British Intelligence operations of the Second World War have been the frequent subject of both scholarly and creative attention, often appearing in popular culture in films such as The Imitation Game and A Call To Spy. Some might argue that there is little left to uncover on the topic, but Helen Fry’s latest book, Spymaster, proves that there is always more to learn. Exploring the dramatic story of ‘spymaster’ Thomas Kendrick, Fry not only shares the extraordinary story of a man largely forgotten in history but provides new information that challenges the stories we think we know about the past.
Spymaster follows the life of Kendrick over four decades spent working in British Intelligence. Initially working under the guise of a ‘British Passport Officer’ in 1930s Vienna, Kendrick hosted elaborate cocktail parties and socialised with Austrian aristocracy whilst simultaneously running spy networks across Europe that were gathering intelligence about the Soviet and Nazi threats to democracy. Faced with the rise of Nazism, Kendrick worked alongside colleagues to save the lives of thousands of Jews, before escaping back to England himself. The Second World War saw Kendrick use his experience and espionage skills on the Home Front, creating a listening operation that elicited information that would have an impact on the outcome of key moments of the war, including cracking the Enigma Code.
At a time when Churchill was calling for ‘ungentlemanly warfare’, embodied by the Special Operations Executive, Kendrick and his team rebelled and chose ‘gentlemanly warfare’ instead. Rather than conforming to traditional interrogation methods, Kendrick created a ‘secret listening’ system to obtain information from prisoners, whilst also playing on his experience as a gentleman socialite to form bonds with the high-ranking Nazi officials in their custody.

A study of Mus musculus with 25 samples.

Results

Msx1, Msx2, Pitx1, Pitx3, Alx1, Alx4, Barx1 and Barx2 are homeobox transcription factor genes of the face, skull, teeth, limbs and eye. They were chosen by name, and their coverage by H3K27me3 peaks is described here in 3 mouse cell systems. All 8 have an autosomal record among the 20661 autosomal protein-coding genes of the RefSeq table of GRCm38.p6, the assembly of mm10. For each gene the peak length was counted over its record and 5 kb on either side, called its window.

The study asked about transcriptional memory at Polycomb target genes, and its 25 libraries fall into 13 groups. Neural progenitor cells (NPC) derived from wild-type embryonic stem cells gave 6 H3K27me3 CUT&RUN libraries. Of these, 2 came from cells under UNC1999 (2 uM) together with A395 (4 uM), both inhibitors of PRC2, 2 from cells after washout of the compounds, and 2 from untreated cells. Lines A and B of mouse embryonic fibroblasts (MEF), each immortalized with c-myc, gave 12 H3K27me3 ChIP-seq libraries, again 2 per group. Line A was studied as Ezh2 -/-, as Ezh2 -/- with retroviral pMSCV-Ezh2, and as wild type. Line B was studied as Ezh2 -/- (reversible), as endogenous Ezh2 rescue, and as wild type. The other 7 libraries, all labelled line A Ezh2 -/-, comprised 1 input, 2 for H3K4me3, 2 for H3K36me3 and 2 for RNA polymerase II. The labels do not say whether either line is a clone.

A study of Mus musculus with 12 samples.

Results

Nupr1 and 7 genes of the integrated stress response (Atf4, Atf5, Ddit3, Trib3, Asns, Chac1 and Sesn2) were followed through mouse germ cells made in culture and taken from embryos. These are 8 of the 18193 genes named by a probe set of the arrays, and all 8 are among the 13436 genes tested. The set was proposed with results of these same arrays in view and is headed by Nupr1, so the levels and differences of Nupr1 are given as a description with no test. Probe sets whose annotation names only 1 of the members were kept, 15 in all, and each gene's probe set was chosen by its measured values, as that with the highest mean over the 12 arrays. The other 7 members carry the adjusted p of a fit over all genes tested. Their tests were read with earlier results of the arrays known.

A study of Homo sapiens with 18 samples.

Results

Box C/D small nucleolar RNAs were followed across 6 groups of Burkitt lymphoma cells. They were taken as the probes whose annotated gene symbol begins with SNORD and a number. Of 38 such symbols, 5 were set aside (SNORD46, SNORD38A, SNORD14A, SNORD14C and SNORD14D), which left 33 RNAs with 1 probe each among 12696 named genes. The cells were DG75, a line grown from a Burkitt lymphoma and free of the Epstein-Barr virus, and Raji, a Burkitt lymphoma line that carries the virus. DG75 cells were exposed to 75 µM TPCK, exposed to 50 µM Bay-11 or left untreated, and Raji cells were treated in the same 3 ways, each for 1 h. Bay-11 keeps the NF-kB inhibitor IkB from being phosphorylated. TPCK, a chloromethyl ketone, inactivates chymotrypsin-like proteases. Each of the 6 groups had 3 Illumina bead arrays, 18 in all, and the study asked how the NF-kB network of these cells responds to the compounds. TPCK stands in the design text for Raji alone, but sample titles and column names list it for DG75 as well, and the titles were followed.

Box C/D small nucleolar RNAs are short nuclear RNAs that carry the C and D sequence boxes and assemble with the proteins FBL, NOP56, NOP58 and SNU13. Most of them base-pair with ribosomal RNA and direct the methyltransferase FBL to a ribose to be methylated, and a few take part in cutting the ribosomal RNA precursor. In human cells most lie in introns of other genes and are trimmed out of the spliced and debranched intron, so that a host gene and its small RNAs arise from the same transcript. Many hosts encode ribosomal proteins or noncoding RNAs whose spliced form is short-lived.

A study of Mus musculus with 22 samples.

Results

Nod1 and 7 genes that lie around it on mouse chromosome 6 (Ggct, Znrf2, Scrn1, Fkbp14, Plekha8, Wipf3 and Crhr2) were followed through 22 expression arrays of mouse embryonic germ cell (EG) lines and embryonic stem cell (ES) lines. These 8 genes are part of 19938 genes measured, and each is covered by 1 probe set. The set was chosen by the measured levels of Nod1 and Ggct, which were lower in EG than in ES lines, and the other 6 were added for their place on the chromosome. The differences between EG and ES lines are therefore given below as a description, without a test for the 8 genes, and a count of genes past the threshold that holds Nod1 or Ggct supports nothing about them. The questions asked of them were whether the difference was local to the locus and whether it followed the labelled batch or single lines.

Whilst Fry states that Spymaster is a comprehensive account of Kendrick’s life as the ‘man who saved MI6’, it is much more than this. Rather than exclusively focusing on Kendrick, Fry takes time to tell the stories of other members of his spy network. By sharing their stories, Fry allows the reader to build up a bigger picture, whilst a focus on the women Kendrick worked with offers an opportunity for female voices to be heard. Spymaster successfully balances emphasis on the stories of individuals and the value of their collective experience.
Although much of the material needed to tell a truly comprehensive story of Kendrick’s work has been destroyed, or remains classified, Fry’s extensive original research means she is able to offer more than a glimpse into his life and work. Adding new information to the stories we already know, Fry offers alternative interpretations to some of the key events of the Second World War, whilst also telling completely new stories.
After spending a lifetime dedicated to defending his country, and helping transform British Intelligence, Thomas Kendrick was seemingly forgotten in history. However, Spymaster ensures that he is no longer hidden in plain sight. Kendrick’s life as a gentleman spymaster, and ‘one of the greatest spymasters of the 20th century’, is finally being revealed and celebrated.
Ella Beales is a Historical Researcher, Archivist and Public Historian, currently in postgraduate study at the University of Bristol.
Aspects of History Issue 6 is out now.